One of the earliest memories I have of my dad addressing my mental health happened when I was a freshman in high school. We were at church when I became overwhelmed with anxiety; I felt trapped and sick to my stomach—I was sure I was suffocating. I rushed out of the sanctuary and after a little while my dad came to check on me. At 14 years old I didn’t have the language to convey what I was experiencing, and I don’t know if he did either. The only thing we both knew was that I attempted suicide three days earlier. As my dad tried to console me, he suggested I take a raincheck on the plans I had to see friends that evening, and instead stay in. “Anna, you’re in that place, so I think it’s best if you take it easy tonight.”
I can clearly recall the feeling of confusion at his use of the phrase “in that place” but I didn’t ask for clarification. Instead, I took his advice. My best friend and I stayed in that night, watching movies and eating snacks in my living room. This proved to be the kind of self-care I needed. It was that day, and many others, when my dad did his best to protect my mental health, in his own special way. My best friend and I still laugh about my dad’s language for my depression and anxiety—all through high school we adopted the phrase “in that place” whenever we wanted to let each other know if we were feeling particularly depressed or anxious.
At the time, it was almost endearing, a funny-kind of dad-thing. But as I got older I noticed that the incident was not isolated and my dad used “coded” language a lot. I assumed this was because his view of mental health was heavily stigmatized, and as a result, I often felt discouraged from talking to him about my mental health. For a while, this was a point of strain in our relationship—as a young, highly-emotionally, hyper-sensitive girl dealing with severe depression and anxiety I struggled to comprehend the way in which my dad handled emotionally-charged situations. I didn’t understand why he fell silent when I cried or the blank look that overtook his face when I had a breakdown. I didn’t understand his resistance to things like therapy and psychiatry.
Growing up as a Black American, I often heard the phrase: “Therapy is for white people.” While this might represent a misguided mentality, for many underprivileged people it is an unfortunate reality. Quality care for mental illness is not built into the fundamental structure of the healthcare system in the United States, and in places that it does exist, it carries a heavy financial burden. Most people of low socioeconomic status do not have access to treatment—let alone the time or money to properly care for their mental health. After having conversations with my dad I realized that this, more than anything, was why he struggled to address my mental illnesses. He told me that he never felt the stigma around issues of mental health, but instead what he felt was dissatisfaction and frustration with mental health care.
He grew up seeing the people around him seek treatment only to be treated extremely poorly, resulting in irreversible damage to their health and quality of life. Almost all of his experiences involving the mental healthcare system have had, as he put it, no “good endings.” These negative experiences, combined with not knowing the proper language of mental health care (and, at times, not having access to even learn it), put my dad in a position where he felt helpless; unable to articulate responses to my mental struggles and unable to help me acquire adequate care.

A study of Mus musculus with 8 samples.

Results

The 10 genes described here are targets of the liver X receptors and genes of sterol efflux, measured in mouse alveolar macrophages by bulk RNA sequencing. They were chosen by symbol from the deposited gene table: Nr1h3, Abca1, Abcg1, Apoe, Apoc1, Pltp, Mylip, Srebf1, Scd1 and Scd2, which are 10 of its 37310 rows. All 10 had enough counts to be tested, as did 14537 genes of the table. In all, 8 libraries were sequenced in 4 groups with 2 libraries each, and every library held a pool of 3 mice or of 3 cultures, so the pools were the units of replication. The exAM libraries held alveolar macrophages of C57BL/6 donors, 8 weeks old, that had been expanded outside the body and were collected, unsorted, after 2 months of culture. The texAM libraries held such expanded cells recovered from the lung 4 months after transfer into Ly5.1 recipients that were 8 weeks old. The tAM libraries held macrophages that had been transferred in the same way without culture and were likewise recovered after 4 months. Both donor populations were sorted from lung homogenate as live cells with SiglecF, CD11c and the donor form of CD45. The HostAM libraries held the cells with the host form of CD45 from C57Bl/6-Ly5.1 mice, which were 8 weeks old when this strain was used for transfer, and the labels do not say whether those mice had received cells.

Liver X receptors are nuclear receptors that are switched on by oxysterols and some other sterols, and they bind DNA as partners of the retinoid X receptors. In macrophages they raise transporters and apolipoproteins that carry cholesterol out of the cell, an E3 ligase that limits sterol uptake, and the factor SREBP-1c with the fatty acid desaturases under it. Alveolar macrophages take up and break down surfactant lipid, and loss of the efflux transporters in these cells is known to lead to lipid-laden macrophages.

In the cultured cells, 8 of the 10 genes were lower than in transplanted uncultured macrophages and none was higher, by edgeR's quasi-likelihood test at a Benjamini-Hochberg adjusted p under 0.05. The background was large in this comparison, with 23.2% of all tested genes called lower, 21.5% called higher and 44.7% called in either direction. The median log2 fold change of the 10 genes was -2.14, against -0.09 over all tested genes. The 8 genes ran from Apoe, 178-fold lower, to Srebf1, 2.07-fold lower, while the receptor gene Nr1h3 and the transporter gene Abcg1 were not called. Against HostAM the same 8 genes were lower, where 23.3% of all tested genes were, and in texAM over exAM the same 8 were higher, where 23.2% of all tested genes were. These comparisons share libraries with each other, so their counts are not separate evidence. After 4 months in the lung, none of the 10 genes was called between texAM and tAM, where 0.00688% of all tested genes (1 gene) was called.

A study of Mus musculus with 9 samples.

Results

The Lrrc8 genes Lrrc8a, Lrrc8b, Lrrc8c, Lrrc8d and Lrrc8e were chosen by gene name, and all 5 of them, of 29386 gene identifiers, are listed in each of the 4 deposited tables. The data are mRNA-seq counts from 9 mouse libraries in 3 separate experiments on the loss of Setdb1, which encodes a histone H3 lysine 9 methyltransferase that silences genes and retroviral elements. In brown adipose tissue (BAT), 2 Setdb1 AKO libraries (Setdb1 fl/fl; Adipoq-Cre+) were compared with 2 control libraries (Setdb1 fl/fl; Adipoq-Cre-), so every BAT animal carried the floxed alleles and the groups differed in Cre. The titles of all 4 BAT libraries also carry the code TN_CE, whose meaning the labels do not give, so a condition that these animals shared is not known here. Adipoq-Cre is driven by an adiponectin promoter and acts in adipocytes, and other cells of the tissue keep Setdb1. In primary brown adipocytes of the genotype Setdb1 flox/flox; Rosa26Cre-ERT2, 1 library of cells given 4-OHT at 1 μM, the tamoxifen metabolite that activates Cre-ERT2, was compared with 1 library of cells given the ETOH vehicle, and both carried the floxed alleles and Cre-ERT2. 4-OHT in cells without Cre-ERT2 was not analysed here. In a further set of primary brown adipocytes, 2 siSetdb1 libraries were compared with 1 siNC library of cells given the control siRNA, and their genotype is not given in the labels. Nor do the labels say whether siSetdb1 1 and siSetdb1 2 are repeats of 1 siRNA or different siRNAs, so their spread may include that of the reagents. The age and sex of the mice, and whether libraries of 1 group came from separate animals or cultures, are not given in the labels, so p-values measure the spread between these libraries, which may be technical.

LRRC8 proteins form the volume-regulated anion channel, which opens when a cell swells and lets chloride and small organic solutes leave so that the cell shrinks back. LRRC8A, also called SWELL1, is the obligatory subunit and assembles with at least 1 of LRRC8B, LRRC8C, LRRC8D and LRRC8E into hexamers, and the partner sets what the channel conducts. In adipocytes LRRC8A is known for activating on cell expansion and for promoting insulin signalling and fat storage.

My first summer living away from home I suffered from a severe breakdown. My dad contacted the counseling center at my university to make sure I would be able to get in touch with a therapist. “I talked to them and told them that you were my daughter and that you have a history of suicidal ideations…”
I honestly don’t remember what he said after that. Between the ages of 14 (when I was “in that place”) and 19, I had attempted suicide at least once a year. But that day, at the age of 20, was the first time that I had ever heard my dad use the word “suicide” in relation to me. Surprisingly, hearing him say it was comforting—it nearly brought me to tears. There was something about my dad truly naming and acknowledging what I was going through, what I had been going through for so long, that made me feel validated and safe. For the first time, I didn’t feel like I had to tiptoe around my mental health. For the first time, I was sure that my dad saw me fully and had accepted the past decade of illness that had, in many ways, consumed our lives.
That was two years ago and the beginning of a more complete understanding of all the hard work my dad has put into ensuring I am cared for. Since then I have committed to being transparent about my mental health. It isn’t always comfortable. Sometimes I feel that when I use words like “anxiety”, “depressed”, or “trigger”, I’ve done something wrong—as if I’ve spilled a secret I swore to keep. I imagine it’s also uncomfortable for my dad; his daughter constantly injecting new concepts like “self-care” and terms like “trauma response” into his vocabulary—terminology he has gone nearly 60 years without.
However uncomfortable it may be, I am dedicated to continuing these conversations because I think they are a critical part of a journey toward healing, not only for me but for my entire family. After so many years of believing I had to deal with my illnesses alone, I want my dad to feel supported as he navigates the best ways to find and afford quality care for his family. And I hope that as my younger sisters see the way my dad supports me, encourages me, and consistently checks in, they feel comfortable talking about the things they’re dealing with, too.